During his career, Igor Levit has been at his most impressive when tackling the various pinnacles of the piano repertoire: the variation-sets by J.S. Bach, Beethoven, Frederic Rzewski and, more recently, Ronald Stevenson; the Partitas of Bach and late sonatas of Beethoven; or such compendious collections as the 24 Preludes and Fugues which Shostakovich essayed at the midpoint of the last century, a taking stock on reaching the ‘middle of life’, while surveying the broad extent of his compositional evolution in which the abstract and personal become inextricably fused.
The cycle’s methodical progression around the circle-of-fifths (C-major through to D-minor) ensures its overall inclusiveness while affording the interpreter considerable licence as to its formal and expressive emphasis – whether as 24 individual pairs, 12 groups of major/minor pairs; three sub-sets of eight or four sub-sets of six pairings; two semi-cycles each with 12 pairings; or a single-though-cumulative emergence across this cycle overall – during which, the interplay of contrasts and continuities between the preludes and fugues is made manifest.
It was this latter approach that Levit (not unsurprisingly) seemed to have adopted, though it took some while to become evident given his relative impassiveness in the earlier pieces. Not until the gravely inward E-minor Fugue did his understatement really take flight – following which, these emotional contrasts became more pronounced; reaching a head with the G-sharp-minor Fugue, its febrile contrapuntal writing venturing towards a peroration whose sudden ‘to be continued’ tailing-off informed this halfway stage with a teasing sense of the provisional.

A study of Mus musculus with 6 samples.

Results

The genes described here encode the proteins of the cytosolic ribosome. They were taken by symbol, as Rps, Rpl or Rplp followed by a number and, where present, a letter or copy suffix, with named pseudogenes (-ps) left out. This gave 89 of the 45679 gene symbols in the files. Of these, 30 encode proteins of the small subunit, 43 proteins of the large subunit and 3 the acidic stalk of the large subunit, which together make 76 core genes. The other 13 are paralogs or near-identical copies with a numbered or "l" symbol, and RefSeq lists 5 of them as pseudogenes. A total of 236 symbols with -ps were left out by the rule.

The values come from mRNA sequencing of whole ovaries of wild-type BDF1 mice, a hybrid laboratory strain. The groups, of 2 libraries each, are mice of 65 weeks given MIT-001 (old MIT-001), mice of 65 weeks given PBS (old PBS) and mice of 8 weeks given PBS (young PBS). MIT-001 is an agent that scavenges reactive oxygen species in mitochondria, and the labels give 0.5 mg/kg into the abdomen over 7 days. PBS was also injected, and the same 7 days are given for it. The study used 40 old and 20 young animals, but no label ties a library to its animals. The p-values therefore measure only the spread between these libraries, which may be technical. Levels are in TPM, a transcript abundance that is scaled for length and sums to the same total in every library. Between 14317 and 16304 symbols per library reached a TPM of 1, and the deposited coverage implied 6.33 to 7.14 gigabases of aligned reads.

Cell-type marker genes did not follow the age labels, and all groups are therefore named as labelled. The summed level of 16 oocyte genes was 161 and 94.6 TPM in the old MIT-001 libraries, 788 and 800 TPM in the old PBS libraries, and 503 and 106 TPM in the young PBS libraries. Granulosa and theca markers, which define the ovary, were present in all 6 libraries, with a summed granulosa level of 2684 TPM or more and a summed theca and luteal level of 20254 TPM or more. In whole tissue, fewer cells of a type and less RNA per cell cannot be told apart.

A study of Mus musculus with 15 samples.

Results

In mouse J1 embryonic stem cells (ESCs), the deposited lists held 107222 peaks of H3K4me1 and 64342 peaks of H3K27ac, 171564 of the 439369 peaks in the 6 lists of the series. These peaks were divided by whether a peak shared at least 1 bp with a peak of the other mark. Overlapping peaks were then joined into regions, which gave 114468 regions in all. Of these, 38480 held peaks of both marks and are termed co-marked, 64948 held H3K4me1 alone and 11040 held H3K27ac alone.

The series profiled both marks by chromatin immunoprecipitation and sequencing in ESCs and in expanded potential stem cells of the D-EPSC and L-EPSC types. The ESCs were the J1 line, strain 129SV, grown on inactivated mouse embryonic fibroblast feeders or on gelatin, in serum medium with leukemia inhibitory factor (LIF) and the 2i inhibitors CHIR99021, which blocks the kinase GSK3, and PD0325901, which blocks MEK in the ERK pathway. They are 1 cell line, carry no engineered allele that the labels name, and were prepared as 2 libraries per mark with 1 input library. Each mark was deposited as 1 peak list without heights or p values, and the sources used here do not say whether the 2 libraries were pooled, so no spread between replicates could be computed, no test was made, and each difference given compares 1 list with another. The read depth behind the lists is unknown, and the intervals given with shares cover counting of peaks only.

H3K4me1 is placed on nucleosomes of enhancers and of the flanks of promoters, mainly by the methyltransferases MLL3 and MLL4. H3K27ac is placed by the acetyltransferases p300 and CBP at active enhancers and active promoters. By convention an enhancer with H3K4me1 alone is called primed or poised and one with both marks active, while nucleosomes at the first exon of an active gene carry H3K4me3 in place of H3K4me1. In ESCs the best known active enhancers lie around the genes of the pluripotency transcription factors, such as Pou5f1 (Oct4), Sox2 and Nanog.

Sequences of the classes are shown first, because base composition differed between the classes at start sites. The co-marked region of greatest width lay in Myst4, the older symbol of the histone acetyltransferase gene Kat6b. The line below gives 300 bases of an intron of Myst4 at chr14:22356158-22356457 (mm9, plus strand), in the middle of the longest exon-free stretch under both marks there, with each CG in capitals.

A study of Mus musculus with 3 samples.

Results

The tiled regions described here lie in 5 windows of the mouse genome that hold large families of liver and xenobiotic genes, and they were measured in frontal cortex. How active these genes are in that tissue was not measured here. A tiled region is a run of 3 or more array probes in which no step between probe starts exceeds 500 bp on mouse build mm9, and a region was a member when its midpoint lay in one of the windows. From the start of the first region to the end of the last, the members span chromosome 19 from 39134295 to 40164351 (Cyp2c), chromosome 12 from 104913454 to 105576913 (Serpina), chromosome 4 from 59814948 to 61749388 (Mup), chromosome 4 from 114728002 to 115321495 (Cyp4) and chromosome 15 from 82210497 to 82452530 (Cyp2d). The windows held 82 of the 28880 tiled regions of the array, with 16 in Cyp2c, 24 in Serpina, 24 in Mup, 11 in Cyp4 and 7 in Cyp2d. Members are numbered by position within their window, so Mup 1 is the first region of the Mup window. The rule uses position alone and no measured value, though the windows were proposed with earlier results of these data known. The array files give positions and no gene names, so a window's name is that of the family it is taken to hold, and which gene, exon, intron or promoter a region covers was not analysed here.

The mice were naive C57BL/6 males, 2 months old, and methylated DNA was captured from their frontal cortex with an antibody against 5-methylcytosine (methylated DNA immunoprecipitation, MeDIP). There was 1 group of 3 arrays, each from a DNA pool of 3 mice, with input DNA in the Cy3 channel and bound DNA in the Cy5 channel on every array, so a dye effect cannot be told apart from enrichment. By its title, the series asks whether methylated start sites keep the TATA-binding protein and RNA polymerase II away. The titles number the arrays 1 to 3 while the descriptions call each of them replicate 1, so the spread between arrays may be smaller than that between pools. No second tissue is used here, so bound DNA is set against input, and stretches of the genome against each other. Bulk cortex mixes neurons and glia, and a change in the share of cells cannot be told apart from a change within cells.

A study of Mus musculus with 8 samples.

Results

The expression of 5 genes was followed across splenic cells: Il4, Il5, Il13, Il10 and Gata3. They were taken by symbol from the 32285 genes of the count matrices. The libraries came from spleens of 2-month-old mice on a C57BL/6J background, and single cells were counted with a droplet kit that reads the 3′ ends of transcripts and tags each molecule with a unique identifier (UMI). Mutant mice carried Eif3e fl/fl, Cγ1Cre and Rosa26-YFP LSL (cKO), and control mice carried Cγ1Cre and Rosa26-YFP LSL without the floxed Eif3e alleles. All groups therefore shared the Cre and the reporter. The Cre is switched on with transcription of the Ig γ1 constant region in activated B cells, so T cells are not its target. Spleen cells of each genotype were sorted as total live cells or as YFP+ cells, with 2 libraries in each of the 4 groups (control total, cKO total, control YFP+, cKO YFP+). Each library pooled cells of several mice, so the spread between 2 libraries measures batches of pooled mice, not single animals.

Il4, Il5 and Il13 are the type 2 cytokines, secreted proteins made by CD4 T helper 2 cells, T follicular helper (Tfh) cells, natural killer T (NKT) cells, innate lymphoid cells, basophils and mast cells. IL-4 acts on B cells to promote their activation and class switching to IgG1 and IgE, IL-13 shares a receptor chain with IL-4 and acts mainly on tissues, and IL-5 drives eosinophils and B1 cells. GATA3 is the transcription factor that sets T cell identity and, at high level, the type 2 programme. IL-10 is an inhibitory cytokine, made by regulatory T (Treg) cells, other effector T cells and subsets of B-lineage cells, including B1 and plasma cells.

Having thus established the parameters of his journey, Levit tackled the second half – often, if not always more musically elaborate and technically demanding – with unflagging resolve. Such as the knockabout humour of the D-flat Fugue, or the expressive remoteness of that in B-flat-minor, were rendered with uncanny insight – also serving to underline the means by which Shostakovich infuses popular and traditional (mostly while not exclusively Jewish) elements into the outwardly Classical formal outlines and proportions of the piece at hand.
The culmination seemed no less breath-taking for its inevitability. The Prelude and Fugue in F, both models of poise and lucidity, making way for that in D-minor; the rhetorical grandeur of whose prelude is initially countered then increasingly confirmed by a double Fugue which hedges its major-key context with reiterations of the root-note sounding as a determined and (as Michelle Assay indicated in the programme) defiant Q.E.D. Shostakovich here places the emphasis unwaveringly on those inherently musical virtues so, indeed too often under threat.
Unfolding over some two-and-three-quarter hours, this was a long-breathed but cohesive and ultimately spellbinding traversal, which confirmed (if such were needed) the proximity of this ‘24’ to those ‘48’ by Bach that inspired and sustained it. Doubtless Levit will be adding it in due course to his already impressive discography, though there can be no denying the frisson generated when hearing this cycle within a live context – as was underlined by the rapturous reception that greeted the sustained silence into which those clinching final chords evanesced.